Opioid and Cannabinoid Pharmacokinetic Interactions
Condition or disease
Chronic pain conditions remain problematic, especially in patients with cancer. Although opioids are effective analgesics, dose-limiting side effects in the form of sedation, nausea and vomiting, and fear of dependence often limit their use at higher - and possibly more effective - doses. Of particular interest, however, is the potential for greater than additive analgesic effect of cannabinoids and opioids in combination that would allow for opioid analgesic effect to be achieved at lower dosages than are necessary alone, which could overcome problems with both tolerance and side effects for both drug classes. Unfortunately, safety data on the combination in humans does not exist at this time and needs to be obtained. As increasing numbers of patients with chronic pain may turn to cannabis to augment the effects of their opioid analgesics, data on potential pharmacokinetic interactions and clinical safety of the combinations should be evaluated in a controlled clinical research setting.
Ages Eligible for Study:
18 Years and older (Adult, Older Adult)
Sexes Eligible for Study:
Accepts Healthy Volunteers:
Ongoing analgesic therapy with either oxycodone hydrochloride (OxyContin) or morphine sulfate (MS Contin) every 12 hours for chronic pain.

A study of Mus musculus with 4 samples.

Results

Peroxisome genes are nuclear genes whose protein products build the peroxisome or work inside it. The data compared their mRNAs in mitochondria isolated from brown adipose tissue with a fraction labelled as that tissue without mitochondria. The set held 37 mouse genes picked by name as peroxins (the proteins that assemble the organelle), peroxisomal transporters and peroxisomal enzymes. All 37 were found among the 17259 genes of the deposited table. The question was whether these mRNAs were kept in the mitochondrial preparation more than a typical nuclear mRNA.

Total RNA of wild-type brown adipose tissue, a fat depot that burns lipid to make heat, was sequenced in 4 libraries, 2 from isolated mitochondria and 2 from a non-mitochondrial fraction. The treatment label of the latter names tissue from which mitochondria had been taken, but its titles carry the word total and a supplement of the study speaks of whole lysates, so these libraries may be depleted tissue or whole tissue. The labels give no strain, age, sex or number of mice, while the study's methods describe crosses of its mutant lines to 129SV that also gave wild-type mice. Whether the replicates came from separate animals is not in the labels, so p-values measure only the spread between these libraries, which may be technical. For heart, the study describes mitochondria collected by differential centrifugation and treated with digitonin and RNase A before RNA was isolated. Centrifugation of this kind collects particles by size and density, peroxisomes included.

Eligible subjects will be ≥ 18 years of age with a diagnosis of chronic pain and an estimated survival of greater than six months.
Subjects must be on a stable dose of opioid medication for at least 2 weeks before enrollment.
Current other analgesic medications will be maintained during the study. The subject must have been on a stable medication regimen for at least 2 weeks.
The following laboratory parameters documented within 45 days prior to study entry:
Alanine aminotransferase (ALT) and aspartate aminotransferase (AST) ≤ 5 X upper limit of normal (ULN)
Total bilirubin ≤ 2 X ULN
Creatinine ≤ 2.0 mg/dL (177 µmol/L)
All men and women in this study must agree to use adequate birth control during this study. Acceptable barrier birth control methods are a male condom, female condom, diaphragm, or intra-uterine (IUD).
All women of reproductive potential (who have not reached menopause or undergone hysterectomy, oophorectomy, or tubal ligation) must have a negative urine b-HCG pregnancy test performed before initiating the protocol-specified medication.
Prior history of use of marijuana. Subjects must have smoked marijuana on at least 6 occasions in their lifetime prior to enrollment.
Able to understand and follow the instructions of the investigator, including completing the pain intensity rating scales.
Karnofsky Performance Score >60.
Able and willing to provide informed consent.
Severe coronary artery disease, uncontrolled hypertension, cardiac ventricular conduction abnormalities, or orthostatic mean blood pressure drop greater than 24 mmHg, severe chronic obstructive pulmonary disease.
History of renal or hepatic failure.
Evidence of hepatic, hematological or renal dysfunction based on judgment of physician.
Active substance abuse (e.g., alcohol or injection drugs).
Use of smoked marijuana within 30 days of enrollment verified with a urine THC level.
Neurologic dysfunction or psychiatric disorder severe enough to interfere with assessment of pain or sensory systems.
Current use of smoked tobacco products or a confirmed cotinine level.
Women who are pregnant or breast-feeding may not take part in this study.